Online master of public health launches

by Lauren Budd | 8/18/16 7:42pm


Participants in the College's online Masters of Public Health program met with faculty and peers on campus.

Dartmouth’s first class of its online master of public health program arrived on campus earlier this month.

The two-year program, run by the Dartmouth Institute for Health Policy and Clinical Practice, includes online lectures and projects as well as six residential periods where students reside on campus.

The new program will be similar to the one-year residential program, which enrolls around 60 students per year, TDI education director Alice Andrews said.

The new, mainly online program aims to make the master’s program accessible to the many interested applicants who cannot take time off from work for a full year.

The program was first conceived two years ago, when TDI director Elliott Fisher and the faculty of TDI reviewed their curriculum in order to improve and expand it.

The on-site weeks in Hanover include weekly meetings with study groups and faculty leaders to discuss curricula, practicum progress and other ideas.

Program participant Maggie Cooke noted that the online component of the program will allow her to synthesize her experiences at her current workplace at a healthcare nonprofit with the program itself.

She described the hybrid program as “innovative” and a “wave of the future,” as well as a way to harness the potential of healthcare professionals who would not have had the opportunity to pursue such a degree otherwise.

Participants said they appreciate that the program allows them the flexibility to continue with their current careers and schedules.

Cooke learned about the program through her workplace, the Rippel Foundation. The organization provides funding to initiatives and programs innovating in the health care industry to promote system reform. Cooke, who had always wanted to pursue a master’s degree in public health, had previously found it difficult to find a program that would cater to her needs as someone who works full time with a commute and small children.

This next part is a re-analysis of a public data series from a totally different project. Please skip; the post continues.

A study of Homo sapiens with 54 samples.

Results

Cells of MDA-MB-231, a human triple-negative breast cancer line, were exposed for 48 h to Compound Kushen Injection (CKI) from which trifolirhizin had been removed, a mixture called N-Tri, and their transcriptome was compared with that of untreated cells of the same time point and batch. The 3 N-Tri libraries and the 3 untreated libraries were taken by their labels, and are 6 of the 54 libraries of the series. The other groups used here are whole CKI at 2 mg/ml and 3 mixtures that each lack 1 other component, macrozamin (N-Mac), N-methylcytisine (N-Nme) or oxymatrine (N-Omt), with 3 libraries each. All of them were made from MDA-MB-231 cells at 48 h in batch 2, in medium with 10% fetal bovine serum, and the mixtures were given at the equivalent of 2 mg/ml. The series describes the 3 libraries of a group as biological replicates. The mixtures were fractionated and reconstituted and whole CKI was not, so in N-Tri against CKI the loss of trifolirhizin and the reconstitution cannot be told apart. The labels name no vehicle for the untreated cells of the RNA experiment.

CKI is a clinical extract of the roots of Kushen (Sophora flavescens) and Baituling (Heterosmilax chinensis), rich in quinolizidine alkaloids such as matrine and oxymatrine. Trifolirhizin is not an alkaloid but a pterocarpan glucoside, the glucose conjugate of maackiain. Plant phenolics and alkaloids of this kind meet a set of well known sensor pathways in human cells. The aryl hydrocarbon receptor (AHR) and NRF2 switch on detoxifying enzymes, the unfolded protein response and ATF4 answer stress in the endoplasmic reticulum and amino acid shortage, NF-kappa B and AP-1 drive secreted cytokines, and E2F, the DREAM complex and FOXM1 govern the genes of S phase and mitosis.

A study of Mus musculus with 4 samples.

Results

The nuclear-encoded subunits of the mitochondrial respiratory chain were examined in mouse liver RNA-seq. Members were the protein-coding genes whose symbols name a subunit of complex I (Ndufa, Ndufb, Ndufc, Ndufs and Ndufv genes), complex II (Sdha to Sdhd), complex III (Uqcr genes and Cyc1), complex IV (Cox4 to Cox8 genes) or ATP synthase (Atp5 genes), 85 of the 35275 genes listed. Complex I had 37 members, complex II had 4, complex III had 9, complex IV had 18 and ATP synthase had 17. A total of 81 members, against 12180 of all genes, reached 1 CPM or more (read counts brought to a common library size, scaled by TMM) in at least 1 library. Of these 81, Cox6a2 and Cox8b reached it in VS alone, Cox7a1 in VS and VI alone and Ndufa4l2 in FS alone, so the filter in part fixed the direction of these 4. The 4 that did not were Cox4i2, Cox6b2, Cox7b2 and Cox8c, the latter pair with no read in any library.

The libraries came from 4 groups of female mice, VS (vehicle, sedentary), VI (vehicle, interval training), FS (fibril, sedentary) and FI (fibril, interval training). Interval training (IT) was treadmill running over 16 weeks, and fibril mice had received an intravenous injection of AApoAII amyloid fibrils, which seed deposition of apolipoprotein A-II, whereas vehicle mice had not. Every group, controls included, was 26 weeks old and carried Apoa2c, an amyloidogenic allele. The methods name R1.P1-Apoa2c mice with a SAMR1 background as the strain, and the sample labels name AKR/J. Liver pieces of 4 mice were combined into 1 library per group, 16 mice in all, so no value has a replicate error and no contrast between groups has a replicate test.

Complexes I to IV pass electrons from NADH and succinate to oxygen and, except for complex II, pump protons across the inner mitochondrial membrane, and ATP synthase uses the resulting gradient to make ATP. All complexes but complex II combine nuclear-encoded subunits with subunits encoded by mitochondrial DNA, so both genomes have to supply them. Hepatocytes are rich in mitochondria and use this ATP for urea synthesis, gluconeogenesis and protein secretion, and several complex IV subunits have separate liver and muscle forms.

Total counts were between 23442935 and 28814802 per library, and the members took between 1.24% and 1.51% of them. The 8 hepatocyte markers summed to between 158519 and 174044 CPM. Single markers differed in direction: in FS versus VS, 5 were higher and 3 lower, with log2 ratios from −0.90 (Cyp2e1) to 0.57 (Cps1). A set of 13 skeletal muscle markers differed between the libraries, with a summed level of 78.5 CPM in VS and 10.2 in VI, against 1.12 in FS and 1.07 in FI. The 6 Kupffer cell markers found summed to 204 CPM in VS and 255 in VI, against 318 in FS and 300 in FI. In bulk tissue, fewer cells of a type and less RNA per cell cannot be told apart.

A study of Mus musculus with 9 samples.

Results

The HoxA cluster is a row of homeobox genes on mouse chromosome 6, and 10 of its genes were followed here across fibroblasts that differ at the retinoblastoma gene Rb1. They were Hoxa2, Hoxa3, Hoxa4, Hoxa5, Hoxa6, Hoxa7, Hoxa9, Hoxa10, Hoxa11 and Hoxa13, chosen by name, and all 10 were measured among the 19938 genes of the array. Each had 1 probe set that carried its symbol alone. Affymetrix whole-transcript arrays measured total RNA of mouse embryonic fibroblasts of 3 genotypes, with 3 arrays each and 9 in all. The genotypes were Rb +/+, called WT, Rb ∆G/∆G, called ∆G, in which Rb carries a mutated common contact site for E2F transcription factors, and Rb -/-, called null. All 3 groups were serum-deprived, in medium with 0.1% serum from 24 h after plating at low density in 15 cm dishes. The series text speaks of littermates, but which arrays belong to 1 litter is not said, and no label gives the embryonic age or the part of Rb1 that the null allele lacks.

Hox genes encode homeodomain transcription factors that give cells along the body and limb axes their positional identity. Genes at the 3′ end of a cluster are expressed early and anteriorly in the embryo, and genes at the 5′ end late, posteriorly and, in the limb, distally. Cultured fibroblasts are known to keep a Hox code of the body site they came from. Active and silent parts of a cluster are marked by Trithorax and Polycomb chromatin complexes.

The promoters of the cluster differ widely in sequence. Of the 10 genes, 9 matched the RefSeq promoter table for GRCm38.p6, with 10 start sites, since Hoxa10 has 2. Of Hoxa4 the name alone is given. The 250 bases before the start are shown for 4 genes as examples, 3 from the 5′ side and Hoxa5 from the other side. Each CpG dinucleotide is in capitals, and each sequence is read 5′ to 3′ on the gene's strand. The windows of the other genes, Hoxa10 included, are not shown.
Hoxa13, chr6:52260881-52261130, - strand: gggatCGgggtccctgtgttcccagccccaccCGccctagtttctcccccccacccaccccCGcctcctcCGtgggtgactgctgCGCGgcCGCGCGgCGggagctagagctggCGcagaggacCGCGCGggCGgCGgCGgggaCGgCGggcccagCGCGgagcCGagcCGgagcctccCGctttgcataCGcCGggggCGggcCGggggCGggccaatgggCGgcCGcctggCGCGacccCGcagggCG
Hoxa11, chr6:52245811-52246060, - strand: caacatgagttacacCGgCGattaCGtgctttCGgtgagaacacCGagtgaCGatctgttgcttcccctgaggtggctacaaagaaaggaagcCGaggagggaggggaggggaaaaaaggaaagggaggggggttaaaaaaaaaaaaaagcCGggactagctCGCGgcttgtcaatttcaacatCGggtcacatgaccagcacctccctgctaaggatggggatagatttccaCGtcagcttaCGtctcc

For Joanna Sullivan, the online component of the course was appealing as it allows her to continue to work full-time while not limiting her to an independent study. Sullivan hopes to apply her degree toward working in global public health. Noting current changes in the healthcare system, she said she looks forward to being a part of the field as it evolves.

Participant Amit Desai works full-time as a physician and was thus unable to take time off to pursue his master’s. In addition to his obligations to his patients, he did not want to disrupt his work-life balance or move away from his home in Seattle. The Dartmouth program will give him the ability to critically analyze health information and develop a healthy suspicion, he said.

He highlighted the program’s rigorous approach to learning how to measure populations, and looking at the population as a whole. Desai said has always been interested in health policy and quality improvement and has followed the work of faculty involved with the program. He was inspired by their work regarding supply-sensitive care and their ideas about how to improve healthcare.

Cheryl Shefchik, another program participant, said that Dartmouth had already been on her radar due to its prestige and strong word-of-mouth. The hybrid aspect of the master’s appealed to her, as she is an active duty army officer serving in the National Guard. Being an officer keeps her on the road constantly, so she needed to pursue an online program, she said.

Shefchik added that she benefits most from learning from others, especially from in-class discussions. She was afraid that she would not get the same educational benefits from an online program and dreaded having to go to school in a form she was not excited about and that might not offer the same educational experience as on-campus learning.

Shefchik noted that the Dartmouth curriculum is very structured and weekly live web sessions hold participants accountable, unlike other online learning opportunities where one could simply load the lecture and listen while at the gym or driving. Her physical distance from the program was actually a benefit, she said, as she could immediately begin applying everything she learns to the context of her day-to-day life.

Others interviewed expressed similarily positive reviews of the program thus far.

During Cooke’s orientation last week, she was surprised by the engagement and preparation of her peers, noting that the class possesses common motivations despite their different backgrounds.

The faculty have given her a new perspective on the industry by encouraging “healthy skepticism” among participants, Cooke said. Even after her first week, the program gave her challenged many of her preconceived notions, she said.

Desai said that the program emphasizes teamwork, negotiation and organizational development skills. Before the program, he could not have imagined being so close to his faculty and peers, he said. He felt that after he knew them fro only the span of the six-day orientation, he already knew them well.